During the pandemic, many seniors postponed making decisions about their future living environment. For a time, retirement communities and assisted living facilities were in a state of lockdown. Even as restrictions eased, communal areas (including dining facilities, activity rooms, and recreational areas) often remained closed. Seniors had little incentive to move to facilities that could no longer offer the amenities that make them attractive.
Vaccines have been widely distributed in the population of older Americans. Current CDC guidance suggests that fully vaccinated people of all ages can resume their usual activities, both indoors and outdoors, without undue concern about acquiring COVID-19.
At the same time, the CDC is urging retirement communities and assisted living facilities to continue taking precautions to protect residents. Unless every resident, employee, and visitor has been vaccinated, the risk of spreading the virus remains. That risk is higher when:
- residents often visit each other’s living areas;
- residents often engage in communal activities;
- residents travel together to social activities;
- non-essential volunteers and visitors are not restricted; and
- residents, employees, or visitors do not wear masks or practice social distancing.
As vaccination rates increase and community infection rates drop, the risks associated with community living will continue to decrease. Unfortunately, different states and counties have different vaccination rates. Deciding when the time is right to move to a retirement community or assisted-living facility may be a day-to-day decision.
The pandemic had a disproportionate impact on America’s older workers. As AARP reports, many Americans who lost their jobs are retiring earlier than they had expected. One study suggests that a quarter of all workers are planning to move up their retirement dates because of the pandemic. Another study found that 2 million older American workers have left the workforce for good since the pandemic started.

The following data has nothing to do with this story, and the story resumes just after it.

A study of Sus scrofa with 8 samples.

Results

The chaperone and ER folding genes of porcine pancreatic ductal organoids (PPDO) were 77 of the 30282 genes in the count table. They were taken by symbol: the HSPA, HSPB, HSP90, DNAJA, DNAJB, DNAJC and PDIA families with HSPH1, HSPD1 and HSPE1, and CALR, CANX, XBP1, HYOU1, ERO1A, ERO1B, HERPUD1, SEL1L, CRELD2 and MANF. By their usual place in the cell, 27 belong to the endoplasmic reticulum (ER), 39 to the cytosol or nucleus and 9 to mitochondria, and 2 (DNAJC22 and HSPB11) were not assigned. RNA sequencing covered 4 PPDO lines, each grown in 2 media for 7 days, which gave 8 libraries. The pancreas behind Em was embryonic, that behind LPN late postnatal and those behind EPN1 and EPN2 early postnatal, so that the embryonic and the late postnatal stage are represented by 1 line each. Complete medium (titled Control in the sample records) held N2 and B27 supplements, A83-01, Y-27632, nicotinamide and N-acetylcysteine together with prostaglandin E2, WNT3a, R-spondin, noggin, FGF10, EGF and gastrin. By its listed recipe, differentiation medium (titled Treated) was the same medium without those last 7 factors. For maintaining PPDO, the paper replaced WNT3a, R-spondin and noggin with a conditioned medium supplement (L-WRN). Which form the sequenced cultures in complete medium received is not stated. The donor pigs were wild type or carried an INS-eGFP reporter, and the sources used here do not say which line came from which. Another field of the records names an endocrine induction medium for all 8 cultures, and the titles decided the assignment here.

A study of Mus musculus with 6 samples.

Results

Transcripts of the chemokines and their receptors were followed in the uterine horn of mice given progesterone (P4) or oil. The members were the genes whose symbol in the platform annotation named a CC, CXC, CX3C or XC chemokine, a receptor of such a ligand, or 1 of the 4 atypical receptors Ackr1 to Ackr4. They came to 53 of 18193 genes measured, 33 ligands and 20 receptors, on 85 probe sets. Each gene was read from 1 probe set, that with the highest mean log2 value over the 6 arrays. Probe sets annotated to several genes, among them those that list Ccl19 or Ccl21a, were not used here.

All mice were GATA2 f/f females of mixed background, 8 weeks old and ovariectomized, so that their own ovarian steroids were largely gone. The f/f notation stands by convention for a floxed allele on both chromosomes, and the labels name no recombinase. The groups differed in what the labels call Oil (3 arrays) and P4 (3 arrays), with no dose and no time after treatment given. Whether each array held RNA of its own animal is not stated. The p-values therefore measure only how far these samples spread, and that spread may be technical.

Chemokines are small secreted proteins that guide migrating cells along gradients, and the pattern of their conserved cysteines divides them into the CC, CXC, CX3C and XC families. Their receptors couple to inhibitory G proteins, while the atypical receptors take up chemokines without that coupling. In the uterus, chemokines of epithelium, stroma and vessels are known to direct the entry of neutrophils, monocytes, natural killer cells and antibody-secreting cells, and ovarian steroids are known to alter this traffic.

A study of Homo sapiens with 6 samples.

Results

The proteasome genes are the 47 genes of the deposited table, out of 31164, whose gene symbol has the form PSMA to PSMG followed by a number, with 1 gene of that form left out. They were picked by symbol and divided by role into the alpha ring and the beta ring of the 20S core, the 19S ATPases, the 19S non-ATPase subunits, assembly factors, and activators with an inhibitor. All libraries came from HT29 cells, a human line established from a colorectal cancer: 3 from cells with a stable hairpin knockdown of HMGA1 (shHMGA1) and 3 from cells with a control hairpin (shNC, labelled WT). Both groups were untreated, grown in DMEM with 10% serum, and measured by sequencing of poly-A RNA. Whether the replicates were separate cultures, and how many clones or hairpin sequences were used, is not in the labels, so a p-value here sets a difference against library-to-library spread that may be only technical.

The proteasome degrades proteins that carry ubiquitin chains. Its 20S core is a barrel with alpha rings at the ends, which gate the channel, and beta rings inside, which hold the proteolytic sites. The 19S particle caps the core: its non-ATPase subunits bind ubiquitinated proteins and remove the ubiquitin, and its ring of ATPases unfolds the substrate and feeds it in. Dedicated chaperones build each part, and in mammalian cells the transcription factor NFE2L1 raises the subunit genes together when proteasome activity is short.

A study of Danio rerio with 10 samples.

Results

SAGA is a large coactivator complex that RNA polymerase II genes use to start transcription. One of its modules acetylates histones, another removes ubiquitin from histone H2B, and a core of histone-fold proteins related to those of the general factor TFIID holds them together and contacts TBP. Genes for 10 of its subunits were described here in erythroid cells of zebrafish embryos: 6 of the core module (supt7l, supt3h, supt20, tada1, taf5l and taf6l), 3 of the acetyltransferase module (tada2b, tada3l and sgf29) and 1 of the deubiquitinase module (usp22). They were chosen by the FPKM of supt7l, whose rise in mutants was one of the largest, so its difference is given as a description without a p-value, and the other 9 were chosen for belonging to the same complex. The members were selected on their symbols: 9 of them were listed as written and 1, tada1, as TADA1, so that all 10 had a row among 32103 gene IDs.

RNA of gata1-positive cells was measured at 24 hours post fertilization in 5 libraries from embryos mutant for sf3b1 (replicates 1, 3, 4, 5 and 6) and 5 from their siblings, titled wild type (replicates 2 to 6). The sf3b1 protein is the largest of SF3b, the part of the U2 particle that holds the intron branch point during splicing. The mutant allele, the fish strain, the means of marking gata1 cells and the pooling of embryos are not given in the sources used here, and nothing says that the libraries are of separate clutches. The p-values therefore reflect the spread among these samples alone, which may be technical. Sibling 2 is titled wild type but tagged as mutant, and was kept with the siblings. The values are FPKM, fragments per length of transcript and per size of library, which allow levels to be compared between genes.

As older Americans struggle with early retirement, they look for ways to meet their basic needs. Selling a home and downsizing might be a way to reduce a mortgage payment, lower a property tax bill, or add a cushion to savings. Some early retirees may be able to lower their expenses by purchasing a small home or condo in a retirement community.
Downsizing has always been part of the plan for some aging couples. As the nest empties, a large house may become too large to manage comfortably. When commuting to work is no longer a necessity, the ability to live in a community that encourages walking rather than driving may be an attractive option.
Choosing the Right Retirement Community
Aging individuals who need help preparing meals or taking care of other daily needs might be best served by an assisted living facility. Assisted living fills a gap for seniors who need help but do not require the kind of medical care provided by a nursing home.
Retirement communities, also known as independent living communities, are well suited to active seniors who want to free themselves of the daily grind of mowing lawns and maintaining a home. Although some seniors will choose to downsize to a small house or condo in their former neighborhood, others prefer the amenities and sense of community that comes from living with other seniors in a planned development.
Choosing the right place to live begins by making a budget. After a senior understands the amount of retirement income and/or savings that can be devoted to housing costs, decisions can be made about buying or renting affordable housing. As a general rule, the more amenities a community offers — including activity rooms, dining options, laundry service, swimming pools, golf courses, fitness centers, and other recreational opportunities — the greater will be the purchase or rental cost. Seniors also need to budget for the entrance or monthly membership fees that cover those amenities.
Seniors should then do some research, including on-site visits to the most promising communities. That research usually starts by looking for communities in the geographical area where the retiree would like to live. Matching the communities against the budge narrows that list to options that the retiree can afford.
Visiting each affordable community will allow retirees to compare the environments offered by each potential choice. A community that seems attractive on a website might turn out to be a poor fit during a visit. Taking a moment to chat with residents (including potential neighbors) can provide more candid insights than a realtor is likely to offer.
The decision to move or to age in place can be difficult to make. Careful thought, a meeting with a trusted financial advisor, and input from family members can all help an early retiree decide whether the time has come to find a new living environment.